The UK government has launched a public consultation on building regulations in the country, suggesting all new-build homes to come fitted with electric vehicle (EV) charging points.
The UK government has unveiled plans which could mean that all new build homes in the country will be fitted with electric vehicle charging points.
The plan is devised to support the growing number of electric cars that the users are buying in the UK. The legislation would be the first of its kind in the world, and would be introduced alongside the UK’s Road to Zero strategy.
If put into practice, all new-build homes with dedicated parking spaces would have charging points in the country and will make vehicle charging cheaper and more convenient for drivers.
In addition, authorities want all newly-installed rapid and higher-powered public charge points to take debit or credit card payments by the spring of 2020.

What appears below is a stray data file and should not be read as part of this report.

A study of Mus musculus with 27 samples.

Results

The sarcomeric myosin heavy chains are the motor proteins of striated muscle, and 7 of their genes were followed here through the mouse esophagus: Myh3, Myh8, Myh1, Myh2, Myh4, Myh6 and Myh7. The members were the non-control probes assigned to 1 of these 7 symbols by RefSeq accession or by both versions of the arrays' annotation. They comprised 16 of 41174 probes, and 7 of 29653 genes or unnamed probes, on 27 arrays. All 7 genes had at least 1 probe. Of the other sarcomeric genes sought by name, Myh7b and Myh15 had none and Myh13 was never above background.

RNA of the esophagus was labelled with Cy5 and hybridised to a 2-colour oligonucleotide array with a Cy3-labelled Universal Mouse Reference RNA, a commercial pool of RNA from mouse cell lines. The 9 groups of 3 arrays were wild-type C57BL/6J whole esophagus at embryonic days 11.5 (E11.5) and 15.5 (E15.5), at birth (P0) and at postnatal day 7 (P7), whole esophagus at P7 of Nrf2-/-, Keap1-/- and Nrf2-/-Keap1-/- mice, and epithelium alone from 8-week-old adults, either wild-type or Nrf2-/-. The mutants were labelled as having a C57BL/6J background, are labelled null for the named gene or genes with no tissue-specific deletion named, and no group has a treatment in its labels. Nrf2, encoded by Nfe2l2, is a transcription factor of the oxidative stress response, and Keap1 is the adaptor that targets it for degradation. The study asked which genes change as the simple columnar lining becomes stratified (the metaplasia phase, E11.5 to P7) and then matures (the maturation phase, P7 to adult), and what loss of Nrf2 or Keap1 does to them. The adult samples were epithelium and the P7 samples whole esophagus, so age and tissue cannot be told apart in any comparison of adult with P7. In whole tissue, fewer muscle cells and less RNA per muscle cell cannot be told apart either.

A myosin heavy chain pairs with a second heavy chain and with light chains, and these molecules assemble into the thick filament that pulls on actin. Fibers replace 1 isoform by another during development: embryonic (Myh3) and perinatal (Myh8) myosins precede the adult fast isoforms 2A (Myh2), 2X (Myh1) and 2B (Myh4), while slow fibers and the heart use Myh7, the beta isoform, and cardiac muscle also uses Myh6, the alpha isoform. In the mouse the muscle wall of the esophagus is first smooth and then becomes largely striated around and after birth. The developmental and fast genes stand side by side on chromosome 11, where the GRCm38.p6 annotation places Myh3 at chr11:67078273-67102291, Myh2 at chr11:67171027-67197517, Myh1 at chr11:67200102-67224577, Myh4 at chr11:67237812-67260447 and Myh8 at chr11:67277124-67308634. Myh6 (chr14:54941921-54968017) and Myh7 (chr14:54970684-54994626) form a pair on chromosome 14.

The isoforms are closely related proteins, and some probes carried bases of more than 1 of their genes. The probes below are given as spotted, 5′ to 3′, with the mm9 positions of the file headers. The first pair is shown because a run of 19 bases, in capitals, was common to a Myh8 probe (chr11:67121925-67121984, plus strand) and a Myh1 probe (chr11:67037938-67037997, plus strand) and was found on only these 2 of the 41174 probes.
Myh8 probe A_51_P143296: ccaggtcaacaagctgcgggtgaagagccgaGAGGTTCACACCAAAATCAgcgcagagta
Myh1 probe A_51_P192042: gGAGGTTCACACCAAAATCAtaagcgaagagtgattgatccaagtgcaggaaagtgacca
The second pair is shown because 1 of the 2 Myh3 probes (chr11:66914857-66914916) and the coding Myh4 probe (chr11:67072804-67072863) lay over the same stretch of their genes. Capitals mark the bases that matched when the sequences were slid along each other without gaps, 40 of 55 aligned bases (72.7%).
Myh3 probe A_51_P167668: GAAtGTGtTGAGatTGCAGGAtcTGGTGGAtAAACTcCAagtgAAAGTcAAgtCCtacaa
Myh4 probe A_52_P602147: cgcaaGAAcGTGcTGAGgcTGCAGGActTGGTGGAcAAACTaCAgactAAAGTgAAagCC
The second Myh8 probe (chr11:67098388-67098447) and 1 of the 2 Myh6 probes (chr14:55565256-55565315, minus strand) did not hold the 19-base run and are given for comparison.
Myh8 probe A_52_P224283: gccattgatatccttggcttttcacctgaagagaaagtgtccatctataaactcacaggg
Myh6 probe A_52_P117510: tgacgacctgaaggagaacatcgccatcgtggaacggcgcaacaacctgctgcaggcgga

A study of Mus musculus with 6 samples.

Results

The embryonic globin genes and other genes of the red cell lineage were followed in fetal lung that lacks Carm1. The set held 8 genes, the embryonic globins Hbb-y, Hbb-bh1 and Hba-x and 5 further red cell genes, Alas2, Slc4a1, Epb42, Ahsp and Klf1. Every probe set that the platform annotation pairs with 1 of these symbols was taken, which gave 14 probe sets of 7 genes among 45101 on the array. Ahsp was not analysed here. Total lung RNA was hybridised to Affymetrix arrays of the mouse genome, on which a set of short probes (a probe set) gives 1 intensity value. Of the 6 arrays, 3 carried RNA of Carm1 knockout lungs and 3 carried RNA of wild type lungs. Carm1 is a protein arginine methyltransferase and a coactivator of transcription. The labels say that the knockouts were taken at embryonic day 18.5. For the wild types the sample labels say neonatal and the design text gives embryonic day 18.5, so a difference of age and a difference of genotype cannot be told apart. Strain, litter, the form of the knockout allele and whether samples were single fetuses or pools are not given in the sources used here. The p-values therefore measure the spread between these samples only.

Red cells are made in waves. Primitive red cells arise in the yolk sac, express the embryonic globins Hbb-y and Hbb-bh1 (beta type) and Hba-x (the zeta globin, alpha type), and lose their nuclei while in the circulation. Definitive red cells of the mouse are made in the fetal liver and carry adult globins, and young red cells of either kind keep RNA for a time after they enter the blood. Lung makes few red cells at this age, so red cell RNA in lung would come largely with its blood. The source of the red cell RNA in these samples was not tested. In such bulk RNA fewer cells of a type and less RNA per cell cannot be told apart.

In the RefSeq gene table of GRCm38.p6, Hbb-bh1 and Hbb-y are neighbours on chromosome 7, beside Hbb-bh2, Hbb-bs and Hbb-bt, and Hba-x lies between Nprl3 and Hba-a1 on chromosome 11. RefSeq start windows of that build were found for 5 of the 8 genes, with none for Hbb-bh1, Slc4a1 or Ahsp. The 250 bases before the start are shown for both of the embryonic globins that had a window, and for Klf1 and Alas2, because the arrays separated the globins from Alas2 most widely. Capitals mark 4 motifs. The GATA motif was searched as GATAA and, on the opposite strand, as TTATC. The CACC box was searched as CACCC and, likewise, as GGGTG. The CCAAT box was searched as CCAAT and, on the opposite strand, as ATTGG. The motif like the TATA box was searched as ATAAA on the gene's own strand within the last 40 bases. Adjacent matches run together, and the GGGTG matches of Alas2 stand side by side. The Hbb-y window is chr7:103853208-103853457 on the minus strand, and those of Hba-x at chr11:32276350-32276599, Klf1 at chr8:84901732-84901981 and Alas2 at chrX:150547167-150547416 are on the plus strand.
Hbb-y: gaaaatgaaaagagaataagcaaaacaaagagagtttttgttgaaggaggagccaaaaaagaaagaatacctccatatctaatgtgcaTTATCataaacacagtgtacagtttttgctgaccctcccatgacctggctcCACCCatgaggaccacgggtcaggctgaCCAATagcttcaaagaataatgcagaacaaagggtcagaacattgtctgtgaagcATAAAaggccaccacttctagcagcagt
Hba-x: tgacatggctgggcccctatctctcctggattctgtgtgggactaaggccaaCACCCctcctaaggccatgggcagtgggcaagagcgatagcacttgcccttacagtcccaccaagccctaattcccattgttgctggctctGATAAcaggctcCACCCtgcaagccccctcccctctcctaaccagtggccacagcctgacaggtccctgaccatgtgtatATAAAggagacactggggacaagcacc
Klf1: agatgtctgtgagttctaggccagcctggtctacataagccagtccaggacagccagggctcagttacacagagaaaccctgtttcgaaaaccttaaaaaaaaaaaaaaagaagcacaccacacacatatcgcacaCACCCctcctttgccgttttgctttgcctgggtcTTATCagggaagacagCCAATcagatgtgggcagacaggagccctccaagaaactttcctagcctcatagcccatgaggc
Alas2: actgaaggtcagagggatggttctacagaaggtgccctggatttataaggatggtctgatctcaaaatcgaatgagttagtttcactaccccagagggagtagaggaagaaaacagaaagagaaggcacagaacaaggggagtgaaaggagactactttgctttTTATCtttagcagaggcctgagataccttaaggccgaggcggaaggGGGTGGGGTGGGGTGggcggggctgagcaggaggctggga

In a statement, Transport Secretary Chris Grayling said that there was “an appetite for cleaner, greener transport.”
“Home charging provides the most convenient and low-cost option for consumers — you can simply plug your car in to charge overnight as you would a mobile phone,” Grayling added.
Currently, electric car users can apply for a grant of up to £500 off the cost of installing a charge point at their residence.
While electric vehicles are becoming the car of choice for an increasing number of drivers, they do face challenges, when it comes to range and charging infrastructure.
Worldwide electric car sales hit 1.98 million in 2018, according to the International Energy Agency (IEA), with global stock reaching 5.12 million. China’s electric vehicle market is the biggest, the IEA says, with Europe and the U.S. following behind.